The University of California now owes former professional students at least $40 million after the state Supreme Court on Wednesday denied to review a lower court’s ruling that the UC had violated contracts not to raise fees.
The case, Kashmiri v. Regents of the University of California, is a class-action lawsuit centered on fee increases during the 2002-2003 university year.
Ricardo Vazquez, a spokesman for the university, said the UC is “disappointed,” but the court’s decision is final.
“At this point, the ruling just came down, so what will happen now is a process of the university considering options of how to deal with the financial impact,” he said.
Vazquez said it was too early to say whether current students would face fee increases to offset the judgment.
In March 2006, a San Francisco County court ruled in favor of students. The First District Court of Appeals ruled on Nov. 2 to uphold that ruling, writing in the decision that implied contracts had been formed in UC literature, both in published catalogs and online.
The appellate court ruled that the fee increases, some of which were levied after the semester had begun, violated stated promises from the UC not to raise fees for students.
The decision also said that additional fees had been levied after students had received bills stating exactly how much they owed.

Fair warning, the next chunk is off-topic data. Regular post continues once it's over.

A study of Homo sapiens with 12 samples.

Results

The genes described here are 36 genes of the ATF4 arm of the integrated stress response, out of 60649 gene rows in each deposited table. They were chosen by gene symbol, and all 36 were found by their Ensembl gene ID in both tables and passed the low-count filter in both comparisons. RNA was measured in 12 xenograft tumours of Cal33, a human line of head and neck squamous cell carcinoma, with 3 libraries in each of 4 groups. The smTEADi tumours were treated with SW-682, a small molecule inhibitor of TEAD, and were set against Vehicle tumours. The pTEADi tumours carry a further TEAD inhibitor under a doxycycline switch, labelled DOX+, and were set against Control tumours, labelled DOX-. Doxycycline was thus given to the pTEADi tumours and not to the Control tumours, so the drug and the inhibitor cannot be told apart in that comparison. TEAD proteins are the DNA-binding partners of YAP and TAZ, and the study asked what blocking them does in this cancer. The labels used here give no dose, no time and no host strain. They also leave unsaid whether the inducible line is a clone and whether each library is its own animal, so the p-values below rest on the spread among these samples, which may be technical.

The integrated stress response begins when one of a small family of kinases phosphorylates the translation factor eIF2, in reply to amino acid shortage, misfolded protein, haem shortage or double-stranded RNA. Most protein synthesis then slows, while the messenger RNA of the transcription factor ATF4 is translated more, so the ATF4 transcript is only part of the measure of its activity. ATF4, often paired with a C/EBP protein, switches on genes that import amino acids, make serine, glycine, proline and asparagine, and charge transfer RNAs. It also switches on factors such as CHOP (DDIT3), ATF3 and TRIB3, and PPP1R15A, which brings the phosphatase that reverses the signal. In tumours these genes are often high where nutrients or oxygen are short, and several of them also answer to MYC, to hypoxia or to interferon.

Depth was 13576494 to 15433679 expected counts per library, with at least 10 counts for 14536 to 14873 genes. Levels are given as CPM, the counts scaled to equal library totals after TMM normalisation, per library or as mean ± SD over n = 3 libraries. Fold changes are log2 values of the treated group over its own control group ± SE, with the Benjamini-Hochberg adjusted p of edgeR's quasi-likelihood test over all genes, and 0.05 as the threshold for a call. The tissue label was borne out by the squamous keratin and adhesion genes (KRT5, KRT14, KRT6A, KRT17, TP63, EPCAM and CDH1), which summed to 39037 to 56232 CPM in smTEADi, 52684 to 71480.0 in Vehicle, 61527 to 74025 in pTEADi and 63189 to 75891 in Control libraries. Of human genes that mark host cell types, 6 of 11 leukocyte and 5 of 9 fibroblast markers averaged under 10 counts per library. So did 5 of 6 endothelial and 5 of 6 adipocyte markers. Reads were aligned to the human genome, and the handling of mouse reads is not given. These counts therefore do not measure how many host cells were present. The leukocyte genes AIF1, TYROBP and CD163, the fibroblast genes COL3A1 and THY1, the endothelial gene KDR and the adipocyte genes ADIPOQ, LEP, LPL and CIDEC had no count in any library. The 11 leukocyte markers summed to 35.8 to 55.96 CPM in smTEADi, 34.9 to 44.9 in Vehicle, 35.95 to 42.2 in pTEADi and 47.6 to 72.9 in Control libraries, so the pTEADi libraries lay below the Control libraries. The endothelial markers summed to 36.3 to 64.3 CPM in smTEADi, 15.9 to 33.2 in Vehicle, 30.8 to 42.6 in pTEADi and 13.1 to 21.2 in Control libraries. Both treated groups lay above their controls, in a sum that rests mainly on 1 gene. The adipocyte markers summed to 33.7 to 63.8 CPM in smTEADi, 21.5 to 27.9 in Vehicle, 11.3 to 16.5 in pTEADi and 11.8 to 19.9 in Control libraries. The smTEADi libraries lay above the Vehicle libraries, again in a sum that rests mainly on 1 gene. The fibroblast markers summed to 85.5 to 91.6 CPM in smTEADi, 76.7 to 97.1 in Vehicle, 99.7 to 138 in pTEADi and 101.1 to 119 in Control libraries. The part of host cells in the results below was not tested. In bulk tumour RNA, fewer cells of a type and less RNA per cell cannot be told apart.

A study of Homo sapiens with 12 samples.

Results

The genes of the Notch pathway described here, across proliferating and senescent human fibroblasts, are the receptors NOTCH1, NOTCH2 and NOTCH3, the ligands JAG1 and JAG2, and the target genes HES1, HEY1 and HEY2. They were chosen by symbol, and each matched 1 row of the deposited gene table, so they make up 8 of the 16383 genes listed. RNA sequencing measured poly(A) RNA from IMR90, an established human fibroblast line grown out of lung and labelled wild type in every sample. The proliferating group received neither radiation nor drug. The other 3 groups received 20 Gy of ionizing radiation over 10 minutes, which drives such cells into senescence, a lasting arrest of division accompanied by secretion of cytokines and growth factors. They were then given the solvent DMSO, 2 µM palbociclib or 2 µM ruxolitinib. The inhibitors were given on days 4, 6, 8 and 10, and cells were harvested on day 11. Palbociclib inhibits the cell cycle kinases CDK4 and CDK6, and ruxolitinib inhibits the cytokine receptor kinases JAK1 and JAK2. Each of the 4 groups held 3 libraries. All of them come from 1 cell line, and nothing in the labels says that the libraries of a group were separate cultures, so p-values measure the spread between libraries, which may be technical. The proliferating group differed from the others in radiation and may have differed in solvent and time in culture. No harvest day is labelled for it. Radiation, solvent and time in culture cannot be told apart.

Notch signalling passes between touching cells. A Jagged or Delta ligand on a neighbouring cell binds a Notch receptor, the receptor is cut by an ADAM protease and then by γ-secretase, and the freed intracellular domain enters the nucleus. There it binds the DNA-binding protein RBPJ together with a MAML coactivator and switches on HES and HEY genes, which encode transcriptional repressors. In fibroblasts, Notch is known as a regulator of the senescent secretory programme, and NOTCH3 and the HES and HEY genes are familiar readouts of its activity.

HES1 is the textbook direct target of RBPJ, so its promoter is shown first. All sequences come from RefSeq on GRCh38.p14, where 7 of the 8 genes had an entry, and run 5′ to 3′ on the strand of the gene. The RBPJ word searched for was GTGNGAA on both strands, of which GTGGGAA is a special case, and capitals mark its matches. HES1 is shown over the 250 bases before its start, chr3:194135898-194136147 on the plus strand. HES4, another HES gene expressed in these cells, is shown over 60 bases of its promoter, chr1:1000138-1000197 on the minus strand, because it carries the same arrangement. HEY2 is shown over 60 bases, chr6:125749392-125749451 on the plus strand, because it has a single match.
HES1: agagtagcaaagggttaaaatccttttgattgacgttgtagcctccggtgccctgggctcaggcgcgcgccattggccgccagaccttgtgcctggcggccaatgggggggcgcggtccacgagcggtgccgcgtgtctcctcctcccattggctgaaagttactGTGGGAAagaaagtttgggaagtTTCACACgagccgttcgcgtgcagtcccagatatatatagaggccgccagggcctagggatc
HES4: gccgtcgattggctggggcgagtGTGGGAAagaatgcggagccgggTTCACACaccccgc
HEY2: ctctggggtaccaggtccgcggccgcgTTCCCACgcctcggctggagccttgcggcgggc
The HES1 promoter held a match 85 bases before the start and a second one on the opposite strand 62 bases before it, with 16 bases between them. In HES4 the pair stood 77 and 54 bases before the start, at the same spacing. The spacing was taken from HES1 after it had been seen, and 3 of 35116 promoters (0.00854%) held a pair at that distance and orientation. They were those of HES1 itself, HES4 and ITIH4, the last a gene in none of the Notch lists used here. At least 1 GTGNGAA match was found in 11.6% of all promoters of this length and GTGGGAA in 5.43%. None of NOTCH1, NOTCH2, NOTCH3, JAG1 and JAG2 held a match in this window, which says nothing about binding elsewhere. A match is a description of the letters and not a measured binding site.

“I think that the main effect of the case is to reaffirm that basic contract law applies to students in agreement with the university,” said Andrew Freeman, one of the lawyers representing the professional students.
Mohammad Kashmiri, the lead plaintiff, told the Daily Bruin in November that some students were forced to withdraw because they could not meet the additional financial burdens.
As the UC appealed the first decision, interest on the amount owed has been assessed at a rate of 10 percent each year. The original $33,825,712, owed as of March 2006, increased to more than $39 million by the November decision and is now at about $40 million, according to Freeman.
Vazquez said that general counsel for the university felt that the UC had “very good grounds” for its latest appeal.
“The policy that fees could go up without notice had been or was in many areas and publications. The fees were subject to change,” Vazquez said.
Freeman is also representing a second group of UC students in Luquetta v. Regents of the University of California on similar breach of contract charges during the 2003-2004 academic year. He referred to the decisions in favor of the students in the Kashmiri case as “a precedent that is helpful in the next case.”
Vazquez said it would be only speculation at this point to consider whether the state Supreme Court’s decision not to review the Kashmiri case would have an effect on the Luquetta case.
A concrete effect of the lawsuits, however, is that the UC has stopped making written promises not to increase fees.
“Those policies were rescinded and all those references that happened to be in certain publications were removed,” Vazquez said.